A self-fulfilling prophecy is when people blame a circumstance on a vague but seemingly objective evil in the world and use it to justify a narrative when the situation occurs (as was claimed or prophesied).
Example: in America, we don’t have a “gun” problem, we have a “sin” problem. When someone commits mass murder, and happens to use a gun to do so, the issue is never about his weapon of choice and access to it. It’s about his heart. Making the argument about sin, or the poor hearts of people in our country, positions the conversation away from gun control and into a state of learned helplessness where the rest of us are just supposed to accept the outcomes of these atrocities as normative.
And then we all sit back and watch as gun violence and mass shootings wreak havoc. And we watch everyone argue about what they think the problem is and their solutions that the prophets claim will never work. Meanwhile, nothing is done, and the condition persists. And the prophecy is fulfilled time and again while the prophets get to claim that they were right all along—that the evil in the world can’t be solved by laws or regulations, so why bother attempting to change anything? The true problem in America isn’t gun violence, it’s hearts without God, right?
Hearts without God has been the “end times” battle cry of many fundamentalists, and it’s becoming very costly. Not just relating to gun violence in America and the 30 thousand lives that guns claim annually, but even natural disasters and issues such as climate change have become conditions that can’t be properly addressed. We’ve become too preoccupied with whether the problem exists rather than working to prevent the damage that’s already happening.
Like most large, systemic issues, there is rarely a simplistic, singular answer to why bad things happen, particularly on mass scales. There are typically many factors to consider. But the easy solution for Christians has always been to blame the hearts of people and sin in various forms. This is part of the self-fulfilling prophecy. Referring to gun violence as a sin issue or a “heart” problem creates a premise that can be difficult to argue with sensibly. It removes any obligation to limit access to guns or even to study the epidemic properly to prevent future deaths. And when another shooting does occur the prophets get to reiterate and perpetuate their premise.
What’s worse are the end times edicts that are used to justify why God might allow these horrible things to happen. Pointing out the decline of conservative religiosity has been one general tactic. The rise of greater LGBTQ equality, including the legalizing of gay marriage, is another “sin” that gets blamed for atrocities. Also, more recently, commitments to nationalism, or lack thereof, was another item blamed for mass shootings, and our recent natural disasters have been referred to as God’s judgment upon America for our overall sin.
The end times narratives in and of themselves are another self-fulfilling prophecy. Belief in an “end time” and the eschatology behind it is why many Christians, particularly those that believe in the rapture, are disinterested in working toward solutions to problems like gun violence or climate change (assuming they even acknowledged these issues as existing).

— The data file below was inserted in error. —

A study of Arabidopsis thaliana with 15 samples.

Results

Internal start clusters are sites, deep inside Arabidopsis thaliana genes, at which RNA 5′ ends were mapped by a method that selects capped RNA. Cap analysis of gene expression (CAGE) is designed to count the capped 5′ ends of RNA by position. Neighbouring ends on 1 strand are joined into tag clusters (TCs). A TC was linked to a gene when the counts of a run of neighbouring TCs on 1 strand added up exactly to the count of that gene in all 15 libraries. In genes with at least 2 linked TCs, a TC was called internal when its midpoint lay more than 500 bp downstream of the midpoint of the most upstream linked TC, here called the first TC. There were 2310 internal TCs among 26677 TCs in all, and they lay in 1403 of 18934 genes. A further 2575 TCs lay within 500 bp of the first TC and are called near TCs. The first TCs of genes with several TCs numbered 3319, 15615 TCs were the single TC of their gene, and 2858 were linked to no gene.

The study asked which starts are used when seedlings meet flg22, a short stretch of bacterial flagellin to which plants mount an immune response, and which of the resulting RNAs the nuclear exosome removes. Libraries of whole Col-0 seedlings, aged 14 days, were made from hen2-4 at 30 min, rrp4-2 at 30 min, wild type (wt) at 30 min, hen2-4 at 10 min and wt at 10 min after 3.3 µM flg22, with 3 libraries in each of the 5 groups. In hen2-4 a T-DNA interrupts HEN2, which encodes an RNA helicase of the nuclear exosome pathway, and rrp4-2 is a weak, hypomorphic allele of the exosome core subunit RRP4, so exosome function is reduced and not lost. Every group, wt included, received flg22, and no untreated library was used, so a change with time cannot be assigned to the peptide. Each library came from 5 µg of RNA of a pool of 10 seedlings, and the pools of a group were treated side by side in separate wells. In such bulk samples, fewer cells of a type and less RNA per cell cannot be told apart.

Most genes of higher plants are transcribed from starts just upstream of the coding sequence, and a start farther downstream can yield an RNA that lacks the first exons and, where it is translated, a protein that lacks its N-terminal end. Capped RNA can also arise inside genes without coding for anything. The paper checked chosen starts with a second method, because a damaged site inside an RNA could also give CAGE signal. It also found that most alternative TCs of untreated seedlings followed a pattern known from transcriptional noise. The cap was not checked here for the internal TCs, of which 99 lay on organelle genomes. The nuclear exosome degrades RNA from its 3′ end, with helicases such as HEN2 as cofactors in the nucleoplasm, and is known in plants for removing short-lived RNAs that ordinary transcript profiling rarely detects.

The Bible tells us that the hearts of mankind would turn from God in the “end” and that violence and atrocities would take place. Those who take these verses as fact like to have incidents of mass shootings and hurricanes to point to because, in a way, they validate their belief. Even if there were solutions readily available, why bother acting on them when you believe the world is going to end soon?
So, hearts without God is made the issue but, it’s a cop-out. It doesn’t matter if a gunman mows down lives on the Vegas strip or inside of a school. It doesn’t matter if a hurricane displaces people in Texas or Puerto Rico—making the problem about spirituality instead of policy is the lazy thing to do. It’s the easier option if people were honest with themselves. Taking a tragedy and calling on God for solutions instead of policymakers might make some people feel warm and fuzzy, but it also encourages the zealous pursuit of religious nationalism.
The problems our country faces have little to do with the heart or spirit of a nation, at least not in the way it’s usually been insinuated. By all means, come up with a narrative that allows you to make sense of these atrocities, but also work toward limiting them. To paraphrase James, “faith without works is dead.” But because of one too many self-fulfilling, (false) prophets, too few people have enought faith to believe that changes can be made to limit gun violence and slow the effects of climate change. But if these things aren’t worth working toward, then I dare say that’s where the poor heart condition lies.
Photo via Unsplash.
About Alex Camire
Alex Camire is an ex-fundamentalist Christian who is passionate about his faith, minus the dogma. He has worked in behavioral health for several years and is working on obtaining his Masters in Social Work. He and his wife, Charline, live in Windsor, CT. And when he’s not working, in school, or binge-watching Netflix with his wife, he enjoys reading and writing about religion and the intersections of faith, science, law, and social justice. Follow him on WordPress or Facebook.